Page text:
Life is never about the big picture stuff, but the little details and moments that move each year forward. That seemingly overly-simple sentence sums up the essence of “Boyhood”, a movie that lives in and for all the small moments.
The movie, directed by Richard Linklater over the course of 12 years, tells the almost impossible story of growing up through the life of a small boy who grows into an adult (played brilliantly over 12 years by Ellar Coltrane). Now the first type of movie that pops into your head is the kind where he meets that one girl who he falls in love with and whom he bases his whole life on, or the struggles of dealing with parents who don’t “get him”, or any other kind of useless Young
Adult style crap that comes out now. But remember; small moments.
There’s no emphasis on that one big relationship that signifies true love, because in growing up it’s about all the different little high school “friends” that we experience. You don’t remember that one big life affirming talk with mom or dad (in this case, Patricia Arquette and Ethan Hawke), but going on camping trips and them reading you Harry Potter in bed and all little chit chats you have along the way.
The same applies to the boy’s everyday life as well. When he’s young he rides bikes, messes with his sister, plays video games, looks at pictures of boobs in Victoria’s Secrets magazines, moves away, etc. As he grows older he learns about girls, music, politics, proper hair growth, deals with drunken step dads and eventually goes to college. These little instances move the movie forward, because it’s what we as adults remember. People like to think they remember they’re first beer, or kiss, or smoke of something, but what truly comes to mind it “I started drinking when I was…” or “I started dating when I was…”. It’s all the little moments of kissing, drinking or even playing video games that add up and define your age.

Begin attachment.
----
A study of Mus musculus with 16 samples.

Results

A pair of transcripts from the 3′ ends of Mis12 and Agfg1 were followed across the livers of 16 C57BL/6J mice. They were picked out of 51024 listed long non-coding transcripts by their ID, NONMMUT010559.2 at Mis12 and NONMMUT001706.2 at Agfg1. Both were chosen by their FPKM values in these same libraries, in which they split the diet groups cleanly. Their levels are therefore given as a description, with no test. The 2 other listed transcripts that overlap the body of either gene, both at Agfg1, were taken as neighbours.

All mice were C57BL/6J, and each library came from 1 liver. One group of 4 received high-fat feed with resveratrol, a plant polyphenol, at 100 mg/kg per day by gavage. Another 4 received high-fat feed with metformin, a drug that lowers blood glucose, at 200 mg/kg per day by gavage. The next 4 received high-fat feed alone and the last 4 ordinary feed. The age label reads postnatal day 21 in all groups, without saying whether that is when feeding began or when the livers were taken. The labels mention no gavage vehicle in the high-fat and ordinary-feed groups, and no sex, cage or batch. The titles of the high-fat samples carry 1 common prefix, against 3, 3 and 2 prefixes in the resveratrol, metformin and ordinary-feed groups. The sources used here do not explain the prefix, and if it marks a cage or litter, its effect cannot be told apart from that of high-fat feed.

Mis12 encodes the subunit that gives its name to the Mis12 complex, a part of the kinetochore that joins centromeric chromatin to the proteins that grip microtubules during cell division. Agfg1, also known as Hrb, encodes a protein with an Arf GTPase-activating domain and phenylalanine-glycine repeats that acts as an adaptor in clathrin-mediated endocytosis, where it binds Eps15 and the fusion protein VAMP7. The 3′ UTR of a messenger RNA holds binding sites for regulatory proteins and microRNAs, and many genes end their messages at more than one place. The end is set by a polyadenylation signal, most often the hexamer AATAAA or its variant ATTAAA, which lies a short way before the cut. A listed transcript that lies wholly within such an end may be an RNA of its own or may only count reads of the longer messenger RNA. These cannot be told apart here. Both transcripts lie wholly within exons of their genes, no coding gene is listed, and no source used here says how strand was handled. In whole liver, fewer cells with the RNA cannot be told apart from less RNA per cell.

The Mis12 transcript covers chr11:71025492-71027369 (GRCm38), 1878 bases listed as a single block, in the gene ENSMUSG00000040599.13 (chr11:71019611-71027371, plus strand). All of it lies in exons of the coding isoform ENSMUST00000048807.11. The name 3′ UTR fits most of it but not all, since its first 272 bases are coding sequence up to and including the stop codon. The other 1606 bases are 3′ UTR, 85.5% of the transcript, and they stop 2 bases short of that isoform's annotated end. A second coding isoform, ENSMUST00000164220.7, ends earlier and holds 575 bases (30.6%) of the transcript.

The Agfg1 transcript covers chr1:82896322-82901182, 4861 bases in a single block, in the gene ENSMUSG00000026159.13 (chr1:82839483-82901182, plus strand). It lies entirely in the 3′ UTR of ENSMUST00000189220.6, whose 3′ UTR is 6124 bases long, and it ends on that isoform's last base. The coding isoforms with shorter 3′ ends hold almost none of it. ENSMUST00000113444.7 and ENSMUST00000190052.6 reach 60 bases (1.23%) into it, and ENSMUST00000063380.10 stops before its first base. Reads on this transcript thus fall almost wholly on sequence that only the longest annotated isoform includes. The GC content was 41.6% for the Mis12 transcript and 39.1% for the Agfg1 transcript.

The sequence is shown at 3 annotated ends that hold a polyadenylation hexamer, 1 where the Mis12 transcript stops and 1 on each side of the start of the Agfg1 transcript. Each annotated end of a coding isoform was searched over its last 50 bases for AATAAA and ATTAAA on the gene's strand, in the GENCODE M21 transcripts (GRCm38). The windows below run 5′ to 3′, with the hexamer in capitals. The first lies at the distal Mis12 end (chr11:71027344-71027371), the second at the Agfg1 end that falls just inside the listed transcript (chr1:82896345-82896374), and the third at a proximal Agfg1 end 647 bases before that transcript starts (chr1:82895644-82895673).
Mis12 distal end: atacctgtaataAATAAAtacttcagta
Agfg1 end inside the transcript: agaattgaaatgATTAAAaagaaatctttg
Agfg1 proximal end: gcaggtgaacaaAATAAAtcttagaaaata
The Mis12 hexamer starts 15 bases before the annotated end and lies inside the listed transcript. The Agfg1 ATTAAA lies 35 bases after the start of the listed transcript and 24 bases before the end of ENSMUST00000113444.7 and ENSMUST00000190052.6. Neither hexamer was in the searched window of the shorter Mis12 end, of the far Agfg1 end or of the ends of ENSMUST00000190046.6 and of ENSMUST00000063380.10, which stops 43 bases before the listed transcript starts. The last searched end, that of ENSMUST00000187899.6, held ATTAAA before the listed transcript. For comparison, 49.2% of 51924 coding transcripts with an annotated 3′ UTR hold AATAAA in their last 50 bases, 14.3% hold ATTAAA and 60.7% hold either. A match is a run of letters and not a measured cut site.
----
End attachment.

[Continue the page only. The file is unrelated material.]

That’s the best part of the movie: Sure we haven’t all dealt with terrible step parents or gone to a midnight release of the new Harry Potter (which I can easily say caused the biggest swipe of glee over the audience), but Linklater made sure to include all the wild variations on childhood that spans billions of adolescent lives. It’s a movie anyone can relate to and— thanks to a hilarious script that has no time for “artistic” musings—sit through with joyous ease despite its almost 3 hour runtime.
As well, this easily could’ve been a movie that ignores these facts, and instead lives in a flashbacks and non-linear style that reeks of a pretentious ooze (ahem, “Tree of Life”, ahem). But Linklater is a first-class storyteller who knows how to string ever thing together. There is never a scene that reference the past. The movie always moves forward, never looking back. Nor does it rely on cues to say how much time has passed. Instead Linklater pays so much attention to the little details that make up the time period. Political candidates, world crisis, toys, games, which Potter book is out, how kids introduce themselves to sex and, most notably, music, all help move the story forward and give you a firm sense of time and space—If the abundance of long greasy hair, peach fuzz and zits don’t already.
This is what we call in the business a perfect. Sure, I don’t love it as much as say last year’s “Gravity”, but director and writer Richard Linklater had a clear vision to make a sweet, often intense, but always endearing work about what it’s really like to grow up, and he succeeded without a single flaw. A lot of that credit can go to the amazing cast who were able to stay in character for 12 years, and in the case of Ellar Coltrane, we see him evolve into a fantastic actor right before our eyes. It’s a movie that rings nostalgia for us all who’ve already gone through all of this, and an invaluable tool for those who are and ever will. Not only is it perfect, it’s eternal.